The Army Fielding Additional M26 Shotguns to Troops: The C-More Systems M26

Last Spring, the Army ordered 2,500 more C-More Systems M26 Modular Accessory Shotgun Systems, a bolt-action magazine-fed under-barrel 12 gauge shotgun.  Already in Afghanistan, the 101st Airborne Division is the next to gear up.  But like any major order the military makes, the move isn’t without controversy.

Currently stationed at Fort Campbell, KY, the 101st is training with the new piece of gear and is quite pleased.  From KitUp, “This is a new capability that is now in your hands for you to conduct your mission downrange,” said Col. Scott C. Armstrong, the head of Project Manager Soldier Weapons, during a presentation ceremony held at Fort Campbell’s Strike Academy, Feb. 7. “This is a big day, not just for the 2nd Brigade, but for the Army.”

C-More Systems M26 Modular Accessory Shotgun Systems Masterkey Product Photo

There is some controversy regarding this new shotgun, though.  First and foremost, why fix what ain’t broke?  The Masterkey is the current rifle-mounted shotgun, based on the Remington 870 and manufactured by Knights Armament.  Well, it’s not broken, but it’s not without its shortcomings.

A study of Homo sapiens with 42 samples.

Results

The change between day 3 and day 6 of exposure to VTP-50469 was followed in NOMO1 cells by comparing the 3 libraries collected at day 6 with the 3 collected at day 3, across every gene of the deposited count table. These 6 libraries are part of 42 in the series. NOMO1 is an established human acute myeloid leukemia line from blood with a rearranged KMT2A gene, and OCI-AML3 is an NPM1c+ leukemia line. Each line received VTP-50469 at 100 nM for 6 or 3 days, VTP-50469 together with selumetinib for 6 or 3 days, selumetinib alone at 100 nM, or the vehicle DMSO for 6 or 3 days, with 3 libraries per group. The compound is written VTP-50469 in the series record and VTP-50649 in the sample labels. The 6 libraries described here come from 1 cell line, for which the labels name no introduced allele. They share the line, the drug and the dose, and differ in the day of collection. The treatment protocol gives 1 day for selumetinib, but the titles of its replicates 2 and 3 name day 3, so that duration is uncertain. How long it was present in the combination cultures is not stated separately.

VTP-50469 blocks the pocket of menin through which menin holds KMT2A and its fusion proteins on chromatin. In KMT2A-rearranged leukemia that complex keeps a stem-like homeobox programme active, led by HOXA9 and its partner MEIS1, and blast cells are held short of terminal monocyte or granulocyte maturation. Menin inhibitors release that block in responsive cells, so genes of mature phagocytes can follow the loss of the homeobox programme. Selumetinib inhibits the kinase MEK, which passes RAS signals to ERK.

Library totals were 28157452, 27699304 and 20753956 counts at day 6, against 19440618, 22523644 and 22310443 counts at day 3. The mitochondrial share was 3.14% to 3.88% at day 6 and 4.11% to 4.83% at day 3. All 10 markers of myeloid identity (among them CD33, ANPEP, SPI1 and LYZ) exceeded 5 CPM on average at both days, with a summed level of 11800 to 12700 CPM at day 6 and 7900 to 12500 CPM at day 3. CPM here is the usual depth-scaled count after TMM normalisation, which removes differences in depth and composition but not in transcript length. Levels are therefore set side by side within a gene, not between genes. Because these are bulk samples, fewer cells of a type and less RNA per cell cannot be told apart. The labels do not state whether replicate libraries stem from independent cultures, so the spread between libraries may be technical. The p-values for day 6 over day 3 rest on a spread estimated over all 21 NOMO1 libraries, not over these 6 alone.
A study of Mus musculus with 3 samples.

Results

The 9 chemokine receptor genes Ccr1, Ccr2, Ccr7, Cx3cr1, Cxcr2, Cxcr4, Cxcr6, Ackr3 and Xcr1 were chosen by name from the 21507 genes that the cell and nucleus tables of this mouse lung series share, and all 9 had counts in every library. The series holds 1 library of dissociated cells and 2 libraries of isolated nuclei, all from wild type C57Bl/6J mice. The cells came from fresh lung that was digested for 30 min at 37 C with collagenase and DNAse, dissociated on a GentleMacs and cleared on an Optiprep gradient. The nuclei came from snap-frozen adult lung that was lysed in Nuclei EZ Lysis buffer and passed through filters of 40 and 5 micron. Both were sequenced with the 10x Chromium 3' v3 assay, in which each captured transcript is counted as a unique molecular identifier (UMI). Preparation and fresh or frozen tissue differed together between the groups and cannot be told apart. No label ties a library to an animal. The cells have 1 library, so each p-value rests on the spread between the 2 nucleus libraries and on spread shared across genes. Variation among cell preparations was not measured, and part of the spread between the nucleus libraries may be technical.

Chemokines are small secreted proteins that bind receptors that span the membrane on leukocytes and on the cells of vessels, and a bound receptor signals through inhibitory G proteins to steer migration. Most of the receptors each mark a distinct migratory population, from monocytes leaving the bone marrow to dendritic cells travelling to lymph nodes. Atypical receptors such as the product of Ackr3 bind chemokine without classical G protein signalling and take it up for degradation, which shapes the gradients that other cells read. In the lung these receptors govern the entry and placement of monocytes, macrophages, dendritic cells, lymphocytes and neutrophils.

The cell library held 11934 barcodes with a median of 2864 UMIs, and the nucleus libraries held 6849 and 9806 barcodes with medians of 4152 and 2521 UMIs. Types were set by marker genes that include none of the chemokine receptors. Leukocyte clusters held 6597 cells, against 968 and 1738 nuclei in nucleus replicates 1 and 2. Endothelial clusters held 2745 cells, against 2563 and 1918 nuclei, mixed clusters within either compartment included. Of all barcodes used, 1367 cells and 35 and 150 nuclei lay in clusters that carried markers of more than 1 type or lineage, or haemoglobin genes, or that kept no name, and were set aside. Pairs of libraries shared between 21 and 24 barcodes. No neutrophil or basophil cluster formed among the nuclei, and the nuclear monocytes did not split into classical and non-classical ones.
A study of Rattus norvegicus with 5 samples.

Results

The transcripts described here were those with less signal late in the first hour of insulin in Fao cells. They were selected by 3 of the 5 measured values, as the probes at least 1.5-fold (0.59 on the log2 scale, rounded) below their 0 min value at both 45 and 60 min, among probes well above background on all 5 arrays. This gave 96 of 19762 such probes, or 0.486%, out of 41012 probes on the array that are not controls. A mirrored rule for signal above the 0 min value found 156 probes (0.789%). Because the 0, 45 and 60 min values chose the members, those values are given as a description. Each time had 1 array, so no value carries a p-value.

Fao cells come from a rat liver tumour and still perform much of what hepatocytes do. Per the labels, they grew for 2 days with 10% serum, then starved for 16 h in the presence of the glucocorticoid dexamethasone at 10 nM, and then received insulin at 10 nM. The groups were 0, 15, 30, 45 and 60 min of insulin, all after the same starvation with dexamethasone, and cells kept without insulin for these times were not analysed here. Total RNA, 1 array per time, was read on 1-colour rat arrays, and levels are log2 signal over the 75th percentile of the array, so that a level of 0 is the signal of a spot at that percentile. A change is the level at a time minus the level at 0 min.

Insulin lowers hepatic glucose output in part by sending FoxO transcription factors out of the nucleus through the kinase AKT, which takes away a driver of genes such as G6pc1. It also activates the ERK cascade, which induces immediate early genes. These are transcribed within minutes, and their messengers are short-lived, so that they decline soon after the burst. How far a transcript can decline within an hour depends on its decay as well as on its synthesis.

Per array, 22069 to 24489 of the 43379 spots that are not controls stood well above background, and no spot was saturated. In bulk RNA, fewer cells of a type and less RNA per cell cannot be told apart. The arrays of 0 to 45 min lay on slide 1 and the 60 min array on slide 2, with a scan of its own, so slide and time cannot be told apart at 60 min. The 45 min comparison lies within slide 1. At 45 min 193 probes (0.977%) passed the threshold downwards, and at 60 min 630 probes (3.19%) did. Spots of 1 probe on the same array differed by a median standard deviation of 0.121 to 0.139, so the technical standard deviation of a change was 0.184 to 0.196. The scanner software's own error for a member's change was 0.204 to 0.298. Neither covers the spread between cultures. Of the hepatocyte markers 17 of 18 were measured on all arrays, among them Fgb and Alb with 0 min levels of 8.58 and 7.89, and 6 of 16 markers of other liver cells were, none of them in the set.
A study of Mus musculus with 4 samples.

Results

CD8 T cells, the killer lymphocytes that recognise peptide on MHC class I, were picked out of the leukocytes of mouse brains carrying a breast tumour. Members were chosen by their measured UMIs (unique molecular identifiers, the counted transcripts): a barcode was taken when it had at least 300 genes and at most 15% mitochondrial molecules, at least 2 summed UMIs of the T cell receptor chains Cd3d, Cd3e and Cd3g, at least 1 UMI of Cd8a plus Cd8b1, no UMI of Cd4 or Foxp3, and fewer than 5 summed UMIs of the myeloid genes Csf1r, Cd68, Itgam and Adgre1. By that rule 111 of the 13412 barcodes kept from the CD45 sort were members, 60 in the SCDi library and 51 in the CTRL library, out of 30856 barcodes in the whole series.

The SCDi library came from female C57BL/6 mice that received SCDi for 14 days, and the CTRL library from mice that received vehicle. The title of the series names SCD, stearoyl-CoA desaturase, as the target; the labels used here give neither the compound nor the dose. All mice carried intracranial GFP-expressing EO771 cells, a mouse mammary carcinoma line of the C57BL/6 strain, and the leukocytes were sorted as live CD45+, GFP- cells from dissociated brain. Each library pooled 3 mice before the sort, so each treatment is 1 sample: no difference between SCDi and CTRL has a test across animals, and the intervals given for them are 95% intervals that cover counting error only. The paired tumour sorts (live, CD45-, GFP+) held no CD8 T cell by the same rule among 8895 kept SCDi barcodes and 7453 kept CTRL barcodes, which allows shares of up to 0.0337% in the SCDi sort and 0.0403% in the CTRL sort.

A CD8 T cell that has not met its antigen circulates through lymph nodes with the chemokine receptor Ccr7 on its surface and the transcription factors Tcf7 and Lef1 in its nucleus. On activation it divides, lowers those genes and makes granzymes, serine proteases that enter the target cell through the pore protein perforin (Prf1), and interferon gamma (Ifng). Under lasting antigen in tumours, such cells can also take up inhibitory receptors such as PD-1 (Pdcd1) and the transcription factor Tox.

First of all, the M26 MASS weighs a fraction of the Masterkey.  It weighs 3.31 pounds compared to the Masterkey’s 5.75.  And not only is it easier to load with detachable magazines, it has a higher standard capacity, five shots versus three.

A US soldier stacked up with his team points his M26 attached to an M4

The left side charging handle is easier to grasp, too.  It’s just a hair more compact, length-wise, with a 7.75-inch barrel that runs almost flush with a carbine barrel.  It does cost more, at $2,200 per unit.  While you might recoil at that price, the Masterkey, even though it’s based on a dirt-cheap 870, retails for about $2,000.  For the features gained, it doesn’t seem all too much more expensive.

Like the Masterkey, it can also be used, with a shoulder stock adapter, as a stand-alone shotgun, to arm soldiers in tight quarters.  Project Manager Soldier Weapons of Picatinny Arsenal, a military research and manufacturing facility, also issued them to the engineers and MPs of the 2nd Brigade Combat Team, also known as the Strike Brigade, for evaluation.  The Clarksville Online caught up with them, who had this to say:

“I can see this being very effective with the engineers for breaching and with the military police, especially since you can shoot ammunition that is non lethal,” said Sgt. Rhys McMahon, a combat engineer with Company A. “So far this is an amazing weapon; I’ve shot about 75 rounds and it works magnificently. This would have helped us out quite a few times when we were in Afghanistan.”

Photos credit the U.S. Army, Sgt. Joe Padula, and Globalsecurity.org.